Turkey has called a snap election and it's all about power and a 'deteriorating' economy

Key Points
  • Turkey's president surprised markets Wednesday by announcing that he would hold snap presidential and parliamentary elections in June.
  • Experts say the move is a sign of both panic and genius.
  • The move comes amid economic difficulties for Turkey.
A banner of Turkish President Tayyip Erdogan.
Chris McGrath | Getty Images

Turkey's president surprised markets Wednesday by announcing that he would hold snap presidential and parliamentary elections in June with experts saying the move is a sign of both panic and genius.

Recep Tayyip Erdogan said elections will be held on June 24, far earlier than previously expected, saying uncertainty over Turkey's neighbor Syria, and macroeconomic imbalances, were a reason not to delay the vote originally scheduled for November 2019.

He also said the country urgently needed to make the switch to an executive presidency, implementing changes to the Turkish constitution which give the president more power.

Fadi Hakura, Turkey analyst at Chatham House, told CNBC Thursday that the move was a sign of panic amid a deteriorating economy.

"Erdogan's calling of the election is a sign of panic and despair. Erdogan has previously viewed early elections as weakness and dishonorable to democracy, but now he's panicking over the state of the Turkish economy," Hakura said.

"The very fact he's called brought them forward by almost a year and a half should mitigate the fallout of a worsening economy on his popularity," he said.

Robin Bew, managing director of The Economist Intelligence Unit, agreed that the election was also called on the back of the ailing economy.


Economic problems

If Erdogan wins the election, as widely expected, he will be able to consolidate power following changes to the constitution which have changed Turkey from a parliamentary to a presidential republic, concentrating power in the hands of the president.

It will not be plain sailing for the president, however, with Turkey's economy dealing with high inflation (at 10.2 percent) fueled by fiscal and monetary policies that have promoted rampant growth — the economy expanding 7.3 percent in the fourth quarter of 2017, according to the last reading available.

The Turkish lira has been on a rollercoaster ride in recent months, reflecting wider fears on the prioritization of growth over inflation control, but the announcement of a snap election — and the likelihood that Erdogan will win – has calmed the currency somewhat.

In September 2017, the lira traded around 3.4 against the dollar but it hit a low of 4.19 last week. On Thursday after the election was announced, it was trading at 4.02 against the dollar and the Borsa Istanbul 100 index was trading in positive territory.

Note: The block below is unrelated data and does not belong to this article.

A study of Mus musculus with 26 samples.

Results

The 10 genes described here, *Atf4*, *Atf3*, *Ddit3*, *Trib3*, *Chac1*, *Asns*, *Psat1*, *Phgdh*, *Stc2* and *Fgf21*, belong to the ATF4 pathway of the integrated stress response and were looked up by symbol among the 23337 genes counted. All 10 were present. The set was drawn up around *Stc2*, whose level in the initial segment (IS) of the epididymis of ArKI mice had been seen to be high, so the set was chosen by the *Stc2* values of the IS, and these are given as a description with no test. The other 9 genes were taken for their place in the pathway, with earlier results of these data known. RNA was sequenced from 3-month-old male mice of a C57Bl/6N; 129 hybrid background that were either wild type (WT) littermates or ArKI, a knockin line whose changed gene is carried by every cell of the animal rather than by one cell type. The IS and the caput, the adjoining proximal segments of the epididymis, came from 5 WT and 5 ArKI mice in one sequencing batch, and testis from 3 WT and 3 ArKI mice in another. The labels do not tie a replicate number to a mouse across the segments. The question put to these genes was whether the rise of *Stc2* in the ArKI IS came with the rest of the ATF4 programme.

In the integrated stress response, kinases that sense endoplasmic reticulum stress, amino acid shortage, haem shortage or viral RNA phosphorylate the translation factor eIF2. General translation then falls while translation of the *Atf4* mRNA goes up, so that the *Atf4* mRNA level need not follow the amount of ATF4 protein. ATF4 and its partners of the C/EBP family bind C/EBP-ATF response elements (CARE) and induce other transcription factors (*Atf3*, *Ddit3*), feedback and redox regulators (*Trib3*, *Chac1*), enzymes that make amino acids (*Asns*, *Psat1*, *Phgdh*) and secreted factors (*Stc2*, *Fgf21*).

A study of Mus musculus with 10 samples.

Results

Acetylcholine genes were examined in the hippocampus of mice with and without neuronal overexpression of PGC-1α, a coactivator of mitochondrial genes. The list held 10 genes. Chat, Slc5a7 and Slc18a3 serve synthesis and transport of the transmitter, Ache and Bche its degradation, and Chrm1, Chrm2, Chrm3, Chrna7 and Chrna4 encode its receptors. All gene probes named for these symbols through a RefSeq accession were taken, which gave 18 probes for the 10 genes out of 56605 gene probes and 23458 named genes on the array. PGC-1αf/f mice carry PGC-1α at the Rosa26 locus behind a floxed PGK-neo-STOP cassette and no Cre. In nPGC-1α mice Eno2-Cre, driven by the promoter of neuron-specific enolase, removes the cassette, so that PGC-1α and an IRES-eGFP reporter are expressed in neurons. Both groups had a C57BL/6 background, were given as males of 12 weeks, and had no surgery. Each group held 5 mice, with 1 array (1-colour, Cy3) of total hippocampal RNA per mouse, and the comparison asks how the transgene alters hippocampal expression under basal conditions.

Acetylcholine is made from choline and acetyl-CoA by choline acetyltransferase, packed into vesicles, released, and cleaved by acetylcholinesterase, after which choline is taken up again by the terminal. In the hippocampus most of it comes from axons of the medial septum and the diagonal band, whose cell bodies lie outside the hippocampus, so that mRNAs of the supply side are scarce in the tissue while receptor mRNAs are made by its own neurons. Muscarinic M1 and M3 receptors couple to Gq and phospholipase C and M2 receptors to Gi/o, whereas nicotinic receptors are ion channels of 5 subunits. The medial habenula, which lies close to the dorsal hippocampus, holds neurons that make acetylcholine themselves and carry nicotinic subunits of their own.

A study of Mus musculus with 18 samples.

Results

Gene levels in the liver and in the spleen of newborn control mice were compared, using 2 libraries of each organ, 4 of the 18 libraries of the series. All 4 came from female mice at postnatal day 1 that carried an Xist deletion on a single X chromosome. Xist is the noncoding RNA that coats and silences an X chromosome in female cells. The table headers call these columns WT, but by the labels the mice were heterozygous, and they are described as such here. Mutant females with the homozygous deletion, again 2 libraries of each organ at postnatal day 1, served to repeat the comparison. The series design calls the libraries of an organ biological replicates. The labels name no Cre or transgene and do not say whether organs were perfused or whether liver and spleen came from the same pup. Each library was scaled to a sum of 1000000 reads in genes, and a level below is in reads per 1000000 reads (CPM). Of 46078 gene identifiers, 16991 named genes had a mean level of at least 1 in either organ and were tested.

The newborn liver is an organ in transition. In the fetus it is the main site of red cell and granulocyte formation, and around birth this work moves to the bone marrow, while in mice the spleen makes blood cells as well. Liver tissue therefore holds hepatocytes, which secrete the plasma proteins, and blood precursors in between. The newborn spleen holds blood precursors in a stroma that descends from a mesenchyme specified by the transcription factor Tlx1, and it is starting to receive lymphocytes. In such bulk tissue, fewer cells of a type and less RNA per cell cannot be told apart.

Bluebay Asset Management strategist Timothy Ash said in a note Wednesday that the market was "loving" the news.

"I think most people assumed that the macro (economy) would not hold out until scheduled elections in November 2019. By going early he reduces the period of uncertainty in Turkey, and (I) guess the hope is that a new government in place by late June they can better address some of the big challenges facing Turkey."

Turkey's central bank has disappointed investors so far by not raising interest rates in a bid to deal with inflation but Chatham House's Hakura said that, if re-elected as expected, Erdogan "might look to pursue economic policies which bring some temporary respite to the economy, such as allowing rates to rise to contain inflation."

"But whatever he does, there are signs that Turkey is approaching a financial and economic crisis," he said. "We know that that is the destination, we just don't know how long it will take to get there, " Hakura said.

Growing power

Erdogan, who founded the ruling Justice and Development party (AKP) in 2001, has been president since 2014 although he was prime minister from 2003 up until that point.

During his tenure, Erdogan has been praised for turning Turkey into a growing economy but he has also faced criticism for his increasingly authoritarian stance, particularly after a failed coup to depose him in 2016. Turkey is still functioning under a state of emergency that was imposed after that failed uprising.

In 2017, Erdogan and his allies narrowly won a referendum that has changed the country from a parliamentary to a presidential republic. The changes will allow the president to streamline policy implementation, Erdogan said, and bypass drawn-out parliamentary processes that had restricted progress.

Chatham House's Hakura told CNBC that Erdogan and his allies had also made it almost impossible for the opposition to mount a serious challenge to his rule after overhauling electoral law this year.

Passed in March, the law changes election regulations and allows security forces to be present at polling stations and allows for ballot boxes to be moved. Government opponents decried the changes, saying they will make the election unfair.

"The likelihood of a genuine contest looks minimal," Hakura said.